The Public Workforce System
A key component of local workforce systems is the public workforce system. As defined by the US Department of Labor, the public workforce system is a network of federal, state, and local government-funded agencies and programs that provide services to workers, job seekers, and employers “to support economic expansion and develop the talent of our nation’s workforce.” The public workforce system provides a variety of services, including job search assistance, career readiness training, college and career navigation, services for out-of-school youth, information and funding for skill training, and services for employers, such as customized training.
The Workforce Innovation and Opportunity Act (WIOA) establishes state and local structures for coordinating many of the programs that are part of the public workforce system. The law brings together the core federal programs for skill development for adults and youth; employment services for job seekers; adult education and literacy, including English language; and vocational rehabilitation services for persons with disabilities.
Among the various roles and activities carried out by local workforce development boards is directing federal, state, and local funding to core public workforce programs, with guidance and oversight from state public workforce agencies. They also oversee the more than 2,500 American Job Centers that deliver services to job seekers and employers in local communities. Workforce development board members are required to include the business community as well as representation from local community colleges, other training providers, elected officials, and workforce program leaders to ensure that current skill needs of local businesses are communicated to relevant training programs. Workforce development boards coordinate with a range of other publicly funded programs, such as child care assistance, subsidized housing, and career and technical education.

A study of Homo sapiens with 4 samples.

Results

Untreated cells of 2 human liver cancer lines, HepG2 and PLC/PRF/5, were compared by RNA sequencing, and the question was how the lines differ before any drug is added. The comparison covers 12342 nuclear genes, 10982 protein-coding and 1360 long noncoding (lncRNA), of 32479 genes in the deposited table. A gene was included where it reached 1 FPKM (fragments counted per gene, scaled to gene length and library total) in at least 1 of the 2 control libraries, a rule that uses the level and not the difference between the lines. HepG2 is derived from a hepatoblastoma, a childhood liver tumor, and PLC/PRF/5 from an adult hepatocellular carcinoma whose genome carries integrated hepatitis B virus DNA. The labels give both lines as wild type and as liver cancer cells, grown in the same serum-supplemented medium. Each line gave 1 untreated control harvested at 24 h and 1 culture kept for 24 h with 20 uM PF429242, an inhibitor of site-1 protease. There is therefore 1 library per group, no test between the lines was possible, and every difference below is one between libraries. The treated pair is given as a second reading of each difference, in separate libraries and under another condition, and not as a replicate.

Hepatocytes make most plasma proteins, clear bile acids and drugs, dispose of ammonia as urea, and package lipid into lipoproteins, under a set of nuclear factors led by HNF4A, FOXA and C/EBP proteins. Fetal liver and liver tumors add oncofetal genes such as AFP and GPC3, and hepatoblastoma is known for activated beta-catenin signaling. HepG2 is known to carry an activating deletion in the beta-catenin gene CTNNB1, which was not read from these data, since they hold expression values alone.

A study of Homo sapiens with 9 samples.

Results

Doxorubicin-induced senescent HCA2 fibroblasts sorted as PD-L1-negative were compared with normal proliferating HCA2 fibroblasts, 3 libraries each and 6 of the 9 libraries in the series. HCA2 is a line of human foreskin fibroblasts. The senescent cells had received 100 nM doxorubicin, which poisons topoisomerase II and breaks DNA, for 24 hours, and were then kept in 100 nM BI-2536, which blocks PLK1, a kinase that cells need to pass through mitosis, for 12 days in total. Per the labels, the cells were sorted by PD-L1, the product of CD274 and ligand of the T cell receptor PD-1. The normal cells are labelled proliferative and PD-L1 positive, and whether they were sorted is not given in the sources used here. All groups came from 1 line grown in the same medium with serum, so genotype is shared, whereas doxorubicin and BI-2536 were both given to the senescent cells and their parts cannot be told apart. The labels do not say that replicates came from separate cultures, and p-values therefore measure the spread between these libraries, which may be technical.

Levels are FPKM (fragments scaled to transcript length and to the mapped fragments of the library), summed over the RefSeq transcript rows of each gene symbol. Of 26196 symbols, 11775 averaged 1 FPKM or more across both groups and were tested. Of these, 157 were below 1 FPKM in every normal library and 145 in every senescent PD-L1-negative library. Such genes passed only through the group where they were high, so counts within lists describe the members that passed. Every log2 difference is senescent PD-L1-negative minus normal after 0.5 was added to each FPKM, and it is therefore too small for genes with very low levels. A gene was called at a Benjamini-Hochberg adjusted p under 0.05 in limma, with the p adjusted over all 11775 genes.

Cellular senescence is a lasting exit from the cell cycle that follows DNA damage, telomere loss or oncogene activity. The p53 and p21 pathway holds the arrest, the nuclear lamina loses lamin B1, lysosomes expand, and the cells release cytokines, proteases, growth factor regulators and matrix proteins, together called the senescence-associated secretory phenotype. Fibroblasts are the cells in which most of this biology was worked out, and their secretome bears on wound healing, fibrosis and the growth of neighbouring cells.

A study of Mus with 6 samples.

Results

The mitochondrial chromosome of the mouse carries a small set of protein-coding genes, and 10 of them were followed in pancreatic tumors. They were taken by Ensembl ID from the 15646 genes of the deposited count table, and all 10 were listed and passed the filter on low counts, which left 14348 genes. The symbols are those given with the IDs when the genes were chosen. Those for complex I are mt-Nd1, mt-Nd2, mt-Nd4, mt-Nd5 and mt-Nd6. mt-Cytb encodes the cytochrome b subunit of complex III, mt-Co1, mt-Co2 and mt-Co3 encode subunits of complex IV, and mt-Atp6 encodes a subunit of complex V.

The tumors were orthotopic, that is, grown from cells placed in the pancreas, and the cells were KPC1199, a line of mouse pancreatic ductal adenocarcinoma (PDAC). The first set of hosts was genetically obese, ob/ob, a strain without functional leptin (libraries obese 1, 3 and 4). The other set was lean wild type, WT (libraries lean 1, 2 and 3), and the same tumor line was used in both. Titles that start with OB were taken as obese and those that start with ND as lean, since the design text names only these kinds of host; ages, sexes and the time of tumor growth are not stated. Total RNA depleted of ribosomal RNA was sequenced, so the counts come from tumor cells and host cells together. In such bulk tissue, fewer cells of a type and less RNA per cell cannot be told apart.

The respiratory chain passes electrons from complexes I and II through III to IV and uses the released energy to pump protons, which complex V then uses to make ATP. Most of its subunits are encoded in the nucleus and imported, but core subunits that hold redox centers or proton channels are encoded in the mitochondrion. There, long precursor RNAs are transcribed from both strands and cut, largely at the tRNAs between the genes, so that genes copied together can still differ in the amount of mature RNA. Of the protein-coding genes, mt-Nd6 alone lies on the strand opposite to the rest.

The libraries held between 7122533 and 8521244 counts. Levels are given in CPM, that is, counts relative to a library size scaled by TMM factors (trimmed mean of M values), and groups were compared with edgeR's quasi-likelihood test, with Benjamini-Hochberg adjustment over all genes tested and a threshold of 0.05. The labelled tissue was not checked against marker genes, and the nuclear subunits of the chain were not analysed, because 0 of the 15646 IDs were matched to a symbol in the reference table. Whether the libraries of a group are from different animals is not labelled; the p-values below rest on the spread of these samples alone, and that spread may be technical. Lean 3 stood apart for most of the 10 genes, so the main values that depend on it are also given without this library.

Other publicly funded workforce development programs include federal funds for employment programs through Temporary Assistance to Needy Families, or TANF; the Supplemental Nutrition Assistance Program, or SNAP; and the Employment and Training program, as well as federal funds for career and technical education through the Carl D. Perkins Career and Technical Education Improvement Act. Additionally, publicly funded community colleges are part of the public workforce system and provide numerous credit and noncredit programs that improve workers' skills. Federal financial aid programs such as the Pell grant program and federal loan programs also provide funding to individuals to support skill development. There are numerous other programs and initiatives that receive state and local funds and are part of the public workforce system. Coordination between public workforce system programs funded directly under WIOA and other publicly funded workforce development programs varies significantly by state and locality.